By JANET COOK
News staff writer
March 17, 2007
Two Eugene legislators have introduced a bill in Salem that growers claim, if made into law, could shut down tree fruit production on about 6,000 acres in the Hood River Valley.
“They (politicians) want us to farm but they also want to over-regulate us. This bill could put many of us out of business,” said Hood River County Commission Chair Ron Rivers, a Parkdale grower.
Senate Bill 20 prohibits aerial spraying of pesticides within a one-mile radius of any school property during the academic year. A grower must also jump through a series of bureaucratic hoops in order to apply chemicals within a five-mile radius of a school.
These regulations require farmers to submit a spray plan to the Department of Agriculture. The agency then has 21 days to process that request and either approve or disapprove the use of chemicals.
“If they don’t allow us to make independent decisions based on monitoring (the presence of insects) then it’s going to change the way we apply pesticides in the valley. It will cause us to spray based on the calendar and it won’t work,” said Jeff McNerney, crop advisor for Chamberlin Distributing Company.
SB 20 was submitted by Sen. Vicki Walker, D-Eugene, and Rep. Paul Holvey, D-Eugene. As of March 7, the bill had been assigned to the Environment and Natural Resources Committee for review but a public hearing had not yet been scheduled. The legislators introduced the bill with the intent of lowering childhood cancer rates and ward off asthma and other respiratory illnesses.
Jean Godfrey, executive director of the Hood River Grower-Shipper Association, has asked Rep. Patti Smith, R-Corbett, and Sen. Rick Metsger, D-Welches, to mount opposition to SB 20. The 350 orchardists and officials from 18 packing houses that belong to the organization have also been asked to lobby against the bill.
“If this bill passes, it will not only hurt farmers, but all of the businesses that support them,” said Godfrey. “SB 20 would come close to ruining agriculture in this valley.”
Smith said it is ironic the bill was dropped at a time when the House and Senate are struggling to clarify Measure 37. She said many farmers filed claims to restore development rights because of the regulatory burden that local, state and federal governments have placed on their shoulders. She said the state can’t do anything about global market conditions and has little control over work force issues — but it can refrain from tacking on more rules for beleaguered farmers to follow.
“This bill is outrageous. It just makes the Measure 37 issue more complicated because how do you save farm land if you don’t save the farmer?” she asked.
Jon Laraway, an Eastside Road grower, said the bill is another indication of the “urban/rural divide” that has split Oregon. He said elected officials from metropolitan areas should at least visit the valley before drafting up a new rule that could hurt the agriculture industry. He said many politicians seem to be unaware of the recordkeeping that is already required to ensure that chemicals are applied safely.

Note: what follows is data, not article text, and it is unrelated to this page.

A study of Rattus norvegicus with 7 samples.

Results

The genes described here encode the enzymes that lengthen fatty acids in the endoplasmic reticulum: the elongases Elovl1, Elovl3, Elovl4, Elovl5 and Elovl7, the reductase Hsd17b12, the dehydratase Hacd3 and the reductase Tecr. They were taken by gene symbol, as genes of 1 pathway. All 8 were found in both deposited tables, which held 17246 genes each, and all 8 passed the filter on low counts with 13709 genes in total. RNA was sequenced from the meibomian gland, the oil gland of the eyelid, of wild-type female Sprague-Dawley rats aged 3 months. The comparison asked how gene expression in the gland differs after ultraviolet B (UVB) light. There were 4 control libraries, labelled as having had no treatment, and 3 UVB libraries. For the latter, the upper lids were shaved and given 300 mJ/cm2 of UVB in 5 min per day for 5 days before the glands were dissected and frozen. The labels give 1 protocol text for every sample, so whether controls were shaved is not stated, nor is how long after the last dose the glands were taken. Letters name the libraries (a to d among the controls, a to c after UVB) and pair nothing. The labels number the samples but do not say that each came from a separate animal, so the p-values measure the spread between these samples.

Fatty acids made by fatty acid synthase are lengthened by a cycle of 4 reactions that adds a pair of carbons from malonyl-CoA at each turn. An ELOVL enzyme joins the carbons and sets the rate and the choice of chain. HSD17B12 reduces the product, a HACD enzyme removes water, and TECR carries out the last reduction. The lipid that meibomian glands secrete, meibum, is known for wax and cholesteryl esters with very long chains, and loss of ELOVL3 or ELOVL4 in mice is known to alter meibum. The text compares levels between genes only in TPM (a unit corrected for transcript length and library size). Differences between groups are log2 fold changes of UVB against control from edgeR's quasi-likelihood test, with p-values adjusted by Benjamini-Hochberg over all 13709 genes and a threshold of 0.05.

“We keep having more regulations come down on us that create more paperwork. So, we’re not able to spend the time out in the field doing what we want to do,” said Laraway. “There is all of this talk in Salem right now about ‘preserving farmland’ and then they propose something like this.”
Gary Willis, who has fruit trees around the Pine Grove School, said even organic farmers do some spraying. So, there is not an operation in the valley that will be unaffected by SB 20.
He said even when the market for pears is up, as it is this year, there seems to be some new threat on the political front that farmers are forced to battle.
“We’re price-takers, not price-makers. We grow the product and then hope we get enough to cover our costs. And every time a new regulation comes down on us, it drives up our expenses,” said Willis.
Laraway contends it is a conservative estimate that 6,000 acres of orchard would be off limits to spraying under SB 20. He said there is about 12,000 acres of farm land around schools in Parkdale, Wy’east, Pine Grove, Mid Valley Elementary and at the edge of Hood River. So, even taking away half of that acreage would cripple the agricultural industry.
Willis and Laraway said SB 20 underscores their filing of Measure 37 claims to protect their property investment. They contend the day may come when America’s food is produced in a foreign country that uses pesticides now banned in the states.
Heather Blaine-McCurdy, a Highway 281 grower, doesn’t believe SB 20 should be tied in any way to Measure 37, which she opposes. She said the bill is just a “terrible proposed law that shows exactly how little some politicians understand competitive dedicated commercial farming.”
McNerney said SB 20 will probably not make it out of committee as it is written. He is worried that some kind of a “compromise” deal will be made that still impedes farming practices.
“The bill itself does not concern me. But a smart politician will ask for the moon and expect to get something a little less,” he said.
“People can identify a totally ridiculous bill no matter what side of the Measure 37 fence they are on.”